Time finally ran out on Paolo Di Canio’s spell as Sunderland manager yesterday as the controversial Italian was sacked under the strangest of conditions. After a disastrous start to the new season, Di Canio put himself in the firing line by confronting the travelling Sunderland fans following their 3-0 defeat to West Bromwich Albion. The Italian, who had been heckled throughout the match by the Black Cats faithful, approached the travelling support at the end of the game. Standing on the edge of the eighteen yard line, far enough away to avoid the more confrontational sections of the fans, Di Canio proceeded to gesture to the fans as if to say “Calm down, it’s my fault but keep your chins up”. In a move meant to heal the growing rift between the fans and the manager, Di Canio’s actions infuriated the away crowd and it appears owner Ellis Short, who hauled the Italian before the board shortly after the match to tell him of his fate.
Realistically it was only a matter of time before Di Canio was relieved of his duties following a somewhat stormy summer. Having heavily criticized a majority of his team at the end of last season much to their dismay, Di Canio and the club’s director of football Roberto De Fanti and chief scout Valentino Angeloni spent the summer overhauling the first team, signing an amazing fourteen new players whilst letting thirteen players (including one of last year’s stand out’s Stephane Sessegnon) depart. This was never going to be a good move regardless of the quality of players that he brought in. It takes time for players to gel; get used to their new surroundings and in many cases a new language. Of the fourteen Di Canio purchased, only four players spoke English fluently and a further two had enough to get by. Pre season was somewhat shambolic with rumours from inside the camp that Di Canio had lost the dressing room due to his aggressive tone and critical opinions of certain players.
Results on the pitch this season have backed up that claim as the Sunderland team looked lost at sea during most of their first five games. Employing a central midfielder at right back, whilst one of the team’s better defenders sat on the bench didn’t sit well with some sections of the Sunderland fans as they faced up to Fulham on day one. Jack Colback did try his hardest but was caught out of position several times and ran ragged by experienced winger Damien Duff. In the next match, Colback was converted to left back where he has stayed for the last four games of Di Canio’s rein but has never looked completely comfortable. Similarly the deployment of Adam Johnson, a left winger on the right against West Brom, presumably to cut inside looked flawed especially against former teammate Scott Sinclair who knows about Johnson’s capabilities and moves. Surely putting the pacey winger up against the rather slow Billy Jones on his natural left side would have been more beneficial to Sunderland? But Di Canio’s decisions have never been quite understood as the manager tinkered with his team on a too frequent basis. With only a single point from the first five games and matches against Liverpool, Manchester United and Newcastle up next, Sunderland had to act now to save their season.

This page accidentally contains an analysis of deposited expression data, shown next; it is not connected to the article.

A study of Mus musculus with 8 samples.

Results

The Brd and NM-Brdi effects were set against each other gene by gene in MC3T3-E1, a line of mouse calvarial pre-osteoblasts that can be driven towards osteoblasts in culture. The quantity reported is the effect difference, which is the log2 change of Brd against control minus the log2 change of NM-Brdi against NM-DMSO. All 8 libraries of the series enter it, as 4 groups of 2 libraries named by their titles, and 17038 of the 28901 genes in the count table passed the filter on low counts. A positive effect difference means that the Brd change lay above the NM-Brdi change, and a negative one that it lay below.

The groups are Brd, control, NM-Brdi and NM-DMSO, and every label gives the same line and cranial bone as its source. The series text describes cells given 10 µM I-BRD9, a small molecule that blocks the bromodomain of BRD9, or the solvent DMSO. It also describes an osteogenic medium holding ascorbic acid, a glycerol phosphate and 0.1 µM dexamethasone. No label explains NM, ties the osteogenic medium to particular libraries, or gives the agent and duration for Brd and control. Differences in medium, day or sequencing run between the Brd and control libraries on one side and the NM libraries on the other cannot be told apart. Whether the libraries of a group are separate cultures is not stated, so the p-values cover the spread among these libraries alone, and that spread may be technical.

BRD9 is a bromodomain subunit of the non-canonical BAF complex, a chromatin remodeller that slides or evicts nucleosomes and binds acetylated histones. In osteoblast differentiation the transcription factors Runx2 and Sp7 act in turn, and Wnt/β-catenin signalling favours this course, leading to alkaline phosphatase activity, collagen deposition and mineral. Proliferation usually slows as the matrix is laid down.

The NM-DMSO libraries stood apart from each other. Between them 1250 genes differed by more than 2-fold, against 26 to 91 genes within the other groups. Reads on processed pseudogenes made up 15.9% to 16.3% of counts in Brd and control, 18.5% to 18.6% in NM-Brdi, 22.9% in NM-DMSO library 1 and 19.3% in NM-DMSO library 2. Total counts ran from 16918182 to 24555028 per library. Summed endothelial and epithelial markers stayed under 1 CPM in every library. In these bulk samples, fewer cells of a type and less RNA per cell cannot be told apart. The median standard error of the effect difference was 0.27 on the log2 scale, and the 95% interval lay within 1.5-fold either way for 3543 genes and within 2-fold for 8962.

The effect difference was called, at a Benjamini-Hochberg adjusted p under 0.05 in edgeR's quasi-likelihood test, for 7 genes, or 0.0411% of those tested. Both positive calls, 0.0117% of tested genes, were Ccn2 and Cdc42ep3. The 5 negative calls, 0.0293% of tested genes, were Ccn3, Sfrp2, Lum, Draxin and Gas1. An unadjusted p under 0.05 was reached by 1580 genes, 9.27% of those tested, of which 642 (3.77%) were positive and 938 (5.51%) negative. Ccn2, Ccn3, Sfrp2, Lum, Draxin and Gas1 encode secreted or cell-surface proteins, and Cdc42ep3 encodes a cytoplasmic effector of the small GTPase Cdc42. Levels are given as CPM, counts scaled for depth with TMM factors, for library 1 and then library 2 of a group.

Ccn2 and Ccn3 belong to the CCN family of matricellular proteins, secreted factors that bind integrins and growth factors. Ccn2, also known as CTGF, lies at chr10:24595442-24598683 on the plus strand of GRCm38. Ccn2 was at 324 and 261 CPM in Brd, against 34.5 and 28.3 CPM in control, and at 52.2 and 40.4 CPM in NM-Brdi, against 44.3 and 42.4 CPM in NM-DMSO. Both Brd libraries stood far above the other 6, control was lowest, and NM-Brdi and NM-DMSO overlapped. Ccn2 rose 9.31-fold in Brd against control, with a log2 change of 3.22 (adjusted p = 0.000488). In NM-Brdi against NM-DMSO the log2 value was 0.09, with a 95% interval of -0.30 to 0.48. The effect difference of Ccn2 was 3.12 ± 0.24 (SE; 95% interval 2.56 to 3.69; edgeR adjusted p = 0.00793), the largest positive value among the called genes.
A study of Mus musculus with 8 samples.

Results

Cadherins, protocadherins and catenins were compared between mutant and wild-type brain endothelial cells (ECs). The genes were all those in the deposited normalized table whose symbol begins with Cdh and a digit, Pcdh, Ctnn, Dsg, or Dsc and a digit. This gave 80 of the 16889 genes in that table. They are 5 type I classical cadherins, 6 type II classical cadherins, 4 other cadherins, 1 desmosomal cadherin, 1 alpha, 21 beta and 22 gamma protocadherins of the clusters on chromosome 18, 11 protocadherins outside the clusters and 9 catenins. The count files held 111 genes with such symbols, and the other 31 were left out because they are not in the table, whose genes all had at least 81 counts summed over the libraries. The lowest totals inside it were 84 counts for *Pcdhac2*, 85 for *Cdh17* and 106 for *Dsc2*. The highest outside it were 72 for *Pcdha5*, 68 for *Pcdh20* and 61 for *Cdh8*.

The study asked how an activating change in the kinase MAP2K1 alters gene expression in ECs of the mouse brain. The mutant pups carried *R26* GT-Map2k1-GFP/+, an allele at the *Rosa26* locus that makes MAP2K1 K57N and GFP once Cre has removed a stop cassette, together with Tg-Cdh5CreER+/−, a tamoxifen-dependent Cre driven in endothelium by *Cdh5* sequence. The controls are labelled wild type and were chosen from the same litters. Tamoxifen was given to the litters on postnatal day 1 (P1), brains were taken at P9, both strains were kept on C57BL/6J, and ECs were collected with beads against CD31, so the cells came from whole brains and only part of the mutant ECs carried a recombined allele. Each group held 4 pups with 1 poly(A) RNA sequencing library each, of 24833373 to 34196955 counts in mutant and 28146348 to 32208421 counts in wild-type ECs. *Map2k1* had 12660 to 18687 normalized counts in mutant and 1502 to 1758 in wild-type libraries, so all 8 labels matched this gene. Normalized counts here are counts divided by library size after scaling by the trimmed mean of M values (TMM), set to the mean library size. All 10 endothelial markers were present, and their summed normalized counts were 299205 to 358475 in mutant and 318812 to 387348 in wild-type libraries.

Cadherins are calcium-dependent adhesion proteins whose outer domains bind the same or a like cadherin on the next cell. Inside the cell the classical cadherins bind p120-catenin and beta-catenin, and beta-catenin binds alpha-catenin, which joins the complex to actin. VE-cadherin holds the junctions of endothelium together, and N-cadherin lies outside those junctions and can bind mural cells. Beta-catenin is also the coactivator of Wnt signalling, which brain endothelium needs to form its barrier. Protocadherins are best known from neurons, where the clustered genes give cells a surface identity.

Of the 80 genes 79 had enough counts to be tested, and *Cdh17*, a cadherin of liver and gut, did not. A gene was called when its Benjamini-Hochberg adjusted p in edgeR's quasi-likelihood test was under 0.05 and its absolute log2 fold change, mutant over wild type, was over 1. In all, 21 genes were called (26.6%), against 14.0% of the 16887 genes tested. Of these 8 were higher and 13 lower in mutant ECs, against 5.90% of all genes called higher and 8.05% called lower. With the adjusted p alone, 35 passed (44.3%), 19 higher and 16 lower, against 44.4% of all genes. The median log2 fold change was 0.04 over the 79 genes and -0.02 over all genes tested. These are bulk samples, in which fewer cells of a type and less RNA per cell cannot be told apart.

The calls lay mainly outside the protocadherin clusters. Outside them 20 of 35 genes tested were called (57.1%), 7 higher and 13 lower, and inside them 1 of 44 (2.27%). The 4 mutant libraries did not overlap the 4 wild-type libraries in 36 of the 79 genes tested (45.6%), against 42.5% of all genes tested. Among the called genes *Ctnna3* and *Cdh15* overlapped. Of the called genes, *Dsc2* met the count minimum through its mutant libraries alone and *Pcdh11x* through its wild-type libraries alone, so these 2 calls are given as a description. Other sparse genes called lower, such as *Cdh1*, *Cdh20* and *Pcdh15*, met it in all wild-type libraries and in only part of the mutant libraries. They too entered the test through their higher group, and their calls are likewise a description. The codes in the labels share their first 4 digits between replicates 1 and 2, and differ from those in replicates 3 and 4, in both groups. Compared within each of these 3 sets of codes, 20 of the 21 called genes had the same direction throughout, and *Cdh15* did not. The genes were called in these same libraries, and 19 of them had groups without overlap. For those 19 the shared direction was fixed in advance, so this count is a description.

Speculation is already mounting around who will replace Di Canio with three names – Gus Poyet, Roberto Di Matteo and Neil Lennon – already been installed as front runners. Short will likely take his time on the appointment after been criticized by sections of the Sunderland fans for rushing in the hiring of Di Canio. Whilst no clear long term strategy appears to existing at Sunderland, Short will be keen to find someone who can unite the club with its bewildered fans once more. The appointment of Di Canio was a massive gamble, given the Italians controversial man management style so Short will be cautious in his approach with what will be his fifth managerial appointment during his time in charge. There is still enough time and points left in the season for someone to turn Sunderland’s fortunes around and reach the relative comfort of mid table, which given last season’s brush with relegation, would be much welcomed by the Sunderland faithful.
The future for Di Canio however looks less rosy and it’s unlikely that we will see him return to management in England anytime soon, at least not in the Premiership. Di Canio was his own worst enemy, with a prehistoric managerial style that is more fitting the 1980’s than modern football. Di Canio is by no means a bad manager (results during his spell as Swindon boss have shown this) but he will need to soften his approach, especially with the pampered footballers of today who have more power and influence than ever before, if he is to get back into the game. It’s more likely that Di Canio will return to Italy to reflect on his troublesome spell in England’s top division. He will take stock, look at what went wrong (at least in his eyes) and make a return to football in some capacity in the near future.